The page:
Vail Daily column: Be prepared when you’re out in the cold
Vail, CO Colorado
“The mountains are just as cold and lonely tonight as they were 100 years ago. Don’t ski alone.”
This is the warning from ski resorts across the country. The tragic death of the snowboarder in Lake Tahoe over the holidays was a sad reminder of this fact – despite the lift towers, lodges, and highly trained ski patrollers, mountains are still risky places. Our mountains are fun to play in if you are dressed right and prepared. Snow and cold, however, can be dangerous for those caught unaware. Hypothermia is one of the key dangers resulting from overexposure to cold, and it can be deadly.
Most people associate hypothermia with exposure to extremely cold temperatures, but it can develop anytime the surrounding temperature is lower than normal body temperature. Hypothermia develops when a person loses heat faster than they produce it. Our bodies produce heat from metabolism, or the burning of food molecules using inhaled oxygen. When our bodies move, heat production from skeletal muscles can increase as much as 10 times compared to the resting rate. Shivering alone can help the body increase its heat production by five times. As long as our bodies are moving and producing more heat than we are losing to the environment, we stay warm and cozy.
As a species, human beings are not well adapted to the cold, at least not physically. With our big heads, sparse fur, and long thin limbs, we are almost constantly transferring heat to our environment. Starting with our big head to body ratio, which is even bigger in children, our heads are a tremendous source of heat loss, responsible for about half of the total heat radiated to the environment. Wear an insulated hat (or helmet) and keep body surfaces covered to reduce heat loss from radiation.
We also lose heat through conduction, or direct contact with cold surfaces. Everyone who has sat on a cold ski lift seat has felt the sensation of heat being sucked out through their backside – slowed significantly by insulated ski pants and padded lift seats.
Perhaps the biggest source of heat loss is from convection. Convective heat loss occurs when our bodies are immersed in moving fluids, like air or water, that have a temperature less than that of our bodies. Imagine standing outside on a windy day. Your body is constantly radiating heat, warming the air directly in contact with you. The wind then blows these molecules away, replacing them with new, cold molecules that your body must warm again. In water, the process is even more dramatic, as a body immersed in cold water loses heat at a very rapid rate. The end result of all this heat loss can be the lowering of body temperature known as hypothermia.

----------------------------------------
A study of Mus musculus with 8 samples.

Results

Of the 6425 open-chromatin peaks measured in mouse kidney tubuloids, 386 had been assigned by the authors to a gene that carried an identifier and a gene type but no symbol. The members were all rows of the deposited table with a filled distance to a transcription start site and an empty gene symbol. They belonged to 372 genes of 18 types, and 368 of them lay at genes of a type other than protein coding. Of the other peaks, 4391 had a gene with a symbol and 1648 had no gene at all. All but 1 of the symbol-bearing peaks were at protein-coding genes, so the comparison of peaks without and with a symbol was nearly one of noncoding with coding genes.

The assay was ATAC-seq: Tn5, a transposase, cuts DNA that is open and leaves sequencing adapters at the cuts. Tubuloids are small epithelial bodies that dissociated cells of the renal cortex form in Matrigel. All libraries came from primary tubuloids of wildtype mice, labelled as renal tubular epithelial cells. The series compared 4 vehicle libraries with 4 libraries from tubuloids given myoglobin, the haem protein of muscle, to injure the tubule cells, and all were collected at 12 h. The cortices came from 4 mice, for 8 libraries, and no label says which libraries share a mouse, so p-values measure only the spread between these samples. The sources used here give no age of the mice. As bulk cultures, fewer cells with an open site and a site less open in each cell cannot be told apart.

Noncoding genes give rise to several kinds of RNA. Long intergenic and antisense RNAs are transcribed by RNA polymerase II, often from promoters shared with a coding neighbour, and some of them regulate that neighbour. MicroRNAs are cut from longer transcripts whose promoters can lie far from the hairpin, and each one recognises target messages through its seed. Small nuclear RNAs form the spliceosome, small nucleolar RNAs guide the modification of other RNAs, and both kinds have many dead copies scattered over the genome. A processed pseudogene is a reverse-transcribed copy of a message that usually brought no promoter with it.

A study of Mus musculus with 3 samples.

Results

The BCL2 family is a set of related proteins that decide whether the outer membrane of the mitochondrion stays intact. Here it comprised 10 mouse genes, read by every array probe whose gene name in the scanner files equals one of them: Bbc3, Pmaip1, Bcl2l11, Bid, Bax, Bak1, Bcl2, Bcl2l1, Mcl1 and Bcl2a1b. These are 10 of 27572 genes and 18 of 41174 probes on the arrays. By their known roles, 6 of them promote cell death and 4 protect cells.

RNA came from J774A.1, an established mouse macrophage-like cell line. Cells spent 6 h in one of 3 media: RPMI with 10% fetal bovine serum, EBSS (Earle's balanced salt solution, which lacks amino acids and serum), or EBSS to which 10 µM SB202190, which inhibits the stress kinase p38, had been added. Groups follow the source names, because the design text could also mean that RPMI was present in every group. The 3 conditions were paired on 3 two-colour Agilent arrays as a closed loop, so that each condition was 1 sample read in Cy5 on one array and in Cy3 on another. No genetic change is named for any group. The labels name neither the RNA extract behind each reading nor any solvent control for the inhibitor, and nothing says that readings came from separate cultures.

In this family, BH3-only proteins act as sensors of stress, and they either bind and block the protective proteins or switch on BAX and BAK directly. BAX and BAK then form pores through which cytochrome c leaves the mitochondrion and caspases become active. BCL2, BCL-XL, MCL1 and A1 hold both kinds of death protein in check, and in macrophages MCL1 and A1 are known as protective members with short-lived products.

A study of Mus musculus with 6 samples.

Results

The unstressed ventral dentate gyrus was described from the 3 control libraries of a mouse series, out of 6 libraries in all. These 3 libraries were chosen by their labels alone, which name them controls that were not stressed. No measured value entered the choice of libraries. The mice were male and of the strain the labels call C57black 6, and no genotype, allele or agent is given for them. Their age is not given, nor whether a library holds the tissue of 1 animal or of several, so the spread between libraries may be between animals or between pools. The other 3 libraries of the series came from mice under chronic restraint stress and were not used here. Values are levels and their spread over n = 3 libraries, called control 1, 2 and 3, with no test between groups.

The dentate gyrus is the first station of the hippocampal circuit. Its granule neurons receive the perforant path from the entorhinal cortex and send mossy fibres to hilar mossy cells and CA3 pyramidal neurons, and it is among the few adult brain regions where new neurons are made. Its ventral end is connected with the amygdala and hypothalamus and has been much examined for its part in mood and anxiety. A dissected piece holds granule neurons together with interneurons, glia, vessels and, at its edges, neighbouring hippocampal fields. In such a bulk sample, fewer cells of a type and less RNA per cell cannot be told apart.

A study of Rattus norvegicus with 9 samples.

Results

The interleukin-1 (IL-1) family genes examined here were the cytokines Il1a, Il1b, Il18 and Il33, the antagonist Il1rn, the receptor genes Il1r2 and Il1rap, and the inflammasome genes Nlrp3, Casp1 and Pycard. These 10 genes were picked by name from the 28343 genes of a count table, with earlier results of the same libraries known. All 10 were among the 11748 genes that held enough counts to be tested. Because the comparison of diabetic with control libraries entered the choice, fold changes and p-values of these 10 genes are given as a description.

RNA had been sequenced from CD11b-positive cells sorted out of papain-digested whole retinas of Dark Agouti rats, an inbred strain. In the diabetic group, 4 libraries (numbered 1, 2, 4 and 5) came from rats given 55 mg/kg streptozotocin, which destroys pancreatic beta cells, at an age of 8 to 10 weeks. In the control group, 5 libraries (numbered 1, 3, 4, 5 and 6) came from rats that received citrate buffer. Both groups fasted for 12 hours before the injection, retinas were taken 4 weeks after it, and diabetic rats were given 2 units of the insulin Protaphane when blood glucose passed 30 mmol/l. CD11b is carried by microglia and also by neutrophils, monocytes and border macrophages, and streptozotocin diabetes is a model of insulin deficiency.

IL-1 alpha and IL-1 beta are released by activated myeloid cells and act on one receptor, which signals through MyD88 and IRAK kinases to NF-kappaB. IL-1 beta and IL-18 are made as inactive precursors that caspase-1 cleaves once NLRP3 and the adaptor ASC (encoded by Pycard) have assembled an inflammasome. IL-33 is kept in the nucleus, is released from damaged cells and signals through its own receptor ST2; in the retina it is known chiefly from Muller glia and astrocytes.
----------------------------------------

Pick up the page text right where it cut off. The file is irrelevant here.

Hypothermia is a serious condition and requires emergency treatment. Symptoms of hypothermia include uncontrolled shivering (initially), clumsiness, drowsiness, confusion, apathy, and eventually, a weak pulse and shallow breathing. Patients with suspected hypothermia should be treated gently, as sudden or vigorous movement can cause cardiac arrest. Warming should occur gradually, and should start with a slow warming of the body core. Heat applied to the limbs can cause cold blood to go directly to the body’s core, which can be fatal. Bring patients indoors if possible, and seek professional medical help for suspected hypothermia patients.
The best cure for hypothermia is an ounce of prevention. It’s important to plan ahead, dress carefully, and always go out with a buddy. Know the signs and symptoms that indicate danger, and have a backup plan for emergencies. We can also follow the wise advice from Peter Marchand, author of “Life in the Cold,” who tells us that the Inuit people of the north say that the best way to handle the cold weather is to “take care not to be cold.”
Safe travels, everyone.
Jaymee Squires is the director of graduate studies at Walking Mountains Science Center. She especially loves to play outside when the sun is shining and the temperature is above freezing.